Contender- Costume Designer Danny Glicker Love & Mercy


Bill Pohlad (left) and Danny Glicker (Photo by Francois Duhamel).
Bill Pohlad (left) and Danny Glicker (Photo by Francois Duhamel).
Director Bill Pohlad‘s Love & Mercy follows the story of Beach Boys leader Brian Wilson as he struggles with psychosis from the 1960s to the 1980s. Helping to create both eras was costume designer Danny Glicker, who is known for his work on Up in the Air (2009), This Is the End (2013) and Milk (2008), the latter for which he was nominated for an Academy Award. Glicker was immensely thrilled to be a part of Love & Mercy because he’s been a Brian Wilson fan for a long time. “When they sent me the script, I was really smitten, I was really excited about it and then for me when it really clicked was earlier on in the script when I met Melinda (Elizabeth Banks) in the story and that moment I just realized that this was going to be a much richer and expansive story than I had even imagined when I considered it,” said Glicker.

The exhaustive research Glicker did for this project was especially fun. But it was vigorous too and the costume designer dove into it very intentionally. “[The characters] are so well known and I feel like on one hand, you have to nail every detail so accurately that relates to the part of their lives that are known, both in the presentation of the story and for your understanding of the physical world that it was, then on the other hand there’s this huge responsibility to go into the story and find a lot of examples in the research of details that weren’t known. And it’s not just behind the scene stuff, but it’s stuff that really reflected the nuances of the world that they lived in and the world that was a little bit more private,” he explained.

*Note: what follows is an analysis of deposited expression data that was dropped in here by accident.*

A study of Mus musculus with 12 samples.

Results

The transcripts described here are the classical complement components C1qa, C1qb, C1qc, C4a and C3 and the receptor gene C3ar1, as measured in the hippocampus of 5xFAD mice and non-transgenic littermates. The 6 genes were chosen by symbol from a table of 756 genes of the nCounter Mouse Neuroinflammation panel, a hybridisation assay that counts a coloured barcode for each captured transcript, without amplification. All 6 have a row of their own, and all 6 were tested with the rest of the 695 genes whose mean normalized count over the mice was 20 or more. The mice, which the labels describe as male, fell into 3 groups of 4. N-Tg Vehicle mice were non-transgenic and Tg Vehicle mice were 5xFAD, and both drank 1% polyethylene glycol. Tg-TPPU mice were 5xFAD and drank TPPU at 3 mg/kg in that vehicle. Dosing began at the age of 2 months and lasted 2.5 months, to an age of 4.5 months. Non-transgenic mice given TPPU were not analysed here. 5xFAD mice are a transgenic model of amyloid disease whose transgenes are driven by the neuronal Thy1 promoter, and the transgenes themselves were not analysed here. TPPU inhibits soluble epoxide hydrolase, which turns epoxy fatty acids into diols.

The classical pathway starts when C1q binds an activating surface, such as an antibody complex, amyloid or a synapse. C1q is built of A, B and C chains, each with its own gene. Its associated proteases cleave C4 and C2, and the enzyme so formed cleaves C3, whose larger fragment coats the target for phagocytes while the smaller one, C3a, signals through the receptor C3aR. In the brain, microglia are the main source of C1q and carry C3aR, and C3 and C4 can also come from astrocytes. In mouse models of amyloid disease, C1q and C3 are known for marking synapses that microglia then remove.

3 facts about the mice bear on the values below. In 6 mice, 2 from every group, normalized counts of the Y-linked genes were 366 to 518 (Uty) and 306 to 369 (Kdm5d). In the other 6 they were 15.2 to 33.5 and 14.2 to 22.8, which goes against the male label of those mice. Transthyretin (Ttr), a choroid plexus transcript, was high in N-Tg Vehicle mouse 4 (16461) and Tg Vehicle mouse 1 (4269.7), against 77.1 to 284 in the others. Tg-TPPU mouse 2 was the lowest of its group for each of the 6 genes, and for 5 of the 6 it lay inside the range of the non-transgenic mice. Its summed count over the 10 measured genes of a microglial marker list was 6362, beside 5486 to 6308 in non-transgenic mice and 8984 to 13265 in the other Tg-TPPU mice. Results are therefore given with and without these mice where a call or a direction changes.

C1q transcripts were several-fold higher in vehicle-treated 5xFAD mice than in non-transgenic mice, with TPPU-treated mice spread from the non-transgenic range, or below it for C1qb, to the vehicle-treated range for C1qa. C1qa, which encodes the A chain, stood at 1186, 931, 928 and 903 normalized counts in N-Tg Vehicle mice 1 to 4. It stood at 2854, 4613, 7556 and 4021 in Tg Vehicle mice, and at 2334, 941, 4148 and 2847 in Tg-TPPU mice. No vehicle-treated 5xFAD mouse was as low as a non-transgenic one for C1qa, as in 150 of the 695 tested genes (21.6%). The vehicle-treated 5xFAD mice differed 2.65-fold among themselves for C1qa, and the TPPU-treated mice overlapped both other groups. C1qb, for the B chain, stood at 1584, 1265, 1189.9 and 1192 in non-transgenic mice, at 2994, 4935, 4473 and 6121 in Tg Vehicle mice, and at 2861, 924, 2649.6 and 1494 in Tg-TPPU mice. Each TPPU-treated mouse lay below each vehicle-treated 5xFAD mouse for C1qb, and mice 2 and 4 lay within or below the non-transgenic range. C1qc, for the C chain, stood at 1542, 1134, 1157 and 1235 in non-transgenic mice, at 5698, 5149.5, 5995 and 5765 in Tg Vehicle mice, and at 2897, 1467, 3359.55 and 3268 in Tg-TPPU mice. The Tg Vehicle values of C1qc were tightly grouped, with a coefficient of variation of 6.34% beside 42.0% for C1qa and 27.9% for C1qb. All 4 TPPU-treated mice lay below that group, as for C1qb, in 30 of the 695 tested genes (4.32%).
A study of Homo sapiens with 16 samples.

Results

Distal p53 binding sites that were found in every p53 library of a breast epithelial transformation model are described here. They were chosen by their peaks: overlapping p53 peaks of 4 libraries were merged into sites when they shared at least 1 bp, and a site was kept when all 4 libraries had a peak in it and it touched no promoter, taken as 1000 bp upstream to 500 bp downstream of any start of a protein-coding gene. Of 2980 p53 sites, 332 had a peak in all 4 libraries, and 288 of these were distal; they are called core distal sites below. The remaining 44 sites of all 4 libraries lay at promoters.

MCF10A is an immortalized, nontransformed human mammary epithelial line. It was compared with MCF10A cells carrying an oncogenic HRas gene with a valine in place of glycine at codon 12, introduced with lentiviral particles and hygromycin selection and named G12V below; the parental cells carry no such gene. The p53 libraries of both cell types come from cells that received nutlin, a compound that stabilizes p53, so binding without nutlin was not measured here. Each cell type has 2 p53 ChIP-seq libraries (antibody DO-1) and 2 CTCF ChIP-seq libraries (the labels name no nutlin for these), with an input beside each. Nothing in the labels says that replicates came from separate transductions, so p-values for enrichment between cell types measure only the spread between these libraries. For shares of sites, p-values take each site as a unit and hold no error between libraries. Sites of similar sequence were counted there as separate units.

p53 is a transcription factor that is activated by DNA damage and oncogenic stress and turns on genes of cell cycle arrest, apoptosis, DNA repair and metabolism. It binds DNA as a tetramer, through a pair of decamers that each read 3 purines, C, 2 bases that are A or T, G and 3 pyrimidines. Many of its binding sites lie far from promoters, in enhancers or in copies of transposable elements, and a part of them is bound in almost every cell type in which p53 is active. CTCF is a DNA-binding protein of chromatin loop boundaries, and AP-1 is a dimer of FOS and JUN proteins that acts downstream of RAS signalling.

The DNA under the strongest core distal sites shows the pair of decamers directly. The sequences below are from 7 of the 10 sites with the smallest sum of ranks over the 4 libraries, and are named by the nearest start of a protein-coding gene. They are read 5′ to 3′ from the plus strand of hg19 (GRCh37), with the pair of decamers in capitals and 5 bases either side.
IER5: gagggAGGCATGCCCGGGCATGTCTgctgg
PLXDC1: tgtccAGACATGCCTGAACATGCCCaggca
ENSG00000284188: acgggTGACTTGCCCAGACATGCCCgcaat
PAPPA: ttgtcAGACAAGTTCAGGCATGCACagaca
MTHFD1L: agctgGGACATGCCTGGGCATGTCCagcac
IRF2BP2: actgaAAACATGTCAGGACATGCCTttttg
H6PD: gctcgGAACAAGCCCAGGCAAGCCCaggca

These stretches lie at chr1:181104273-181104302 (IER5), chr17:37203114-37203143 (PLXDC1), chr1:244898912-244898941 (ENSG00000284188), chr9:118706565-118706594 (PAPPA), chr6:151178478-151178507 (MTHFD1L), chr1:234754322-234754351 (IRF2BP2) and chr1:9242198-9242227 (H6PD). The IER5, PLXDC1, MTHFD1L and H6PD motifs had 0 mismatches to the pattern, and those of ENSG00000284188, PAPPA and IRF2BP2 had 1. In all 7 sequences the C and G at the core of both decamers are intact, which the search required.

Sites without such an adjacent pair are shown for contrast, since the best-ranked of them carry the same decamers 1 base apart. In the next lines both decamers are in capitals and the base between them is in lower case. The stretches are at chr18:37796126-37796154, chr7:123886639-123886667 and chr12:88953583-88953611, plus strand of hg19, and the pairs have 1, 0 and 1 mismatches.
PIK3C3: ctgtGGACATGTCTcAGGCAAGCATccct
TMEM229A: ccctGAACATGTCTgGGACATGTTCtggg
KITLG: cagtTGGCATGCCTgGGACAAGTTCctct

Love & Mercy
Love & Mercy
Color played a big role in this film. The director had a fascinating relationship with color where he favored subtle plays. Color was used to express emotional things that existed beyond the literal. “The major thoroughfare, the throughline was the blues. We really used it in very interesting ways,” Glicker said. There was the blue of the water, of Melinda’s dress, of physical things, but also it was used to be a soothing mood that sometimes receded and sometimes emerged.

Glicker loved dressing these iconic characters. Each one was a joy to dress. There were many especially memorable moments. “To actually be in the room with Paul Dano as Brian Wilson and with the Wrecking Crew who were all real playing musicians was amazing. Even within the Wrecking Crew, I got to design the characters, which was an unbelievable pleasure,” he said. The character of Melinda was also exciting, because she was someone who used clothes in a way that was empowering and glamourous. “I loved working with Elizabeth Banks to create Melinda because there was this wonderful tension of this glamorous career woman and the amount of time she devotes to her presentation is a powerful indicator of her character.”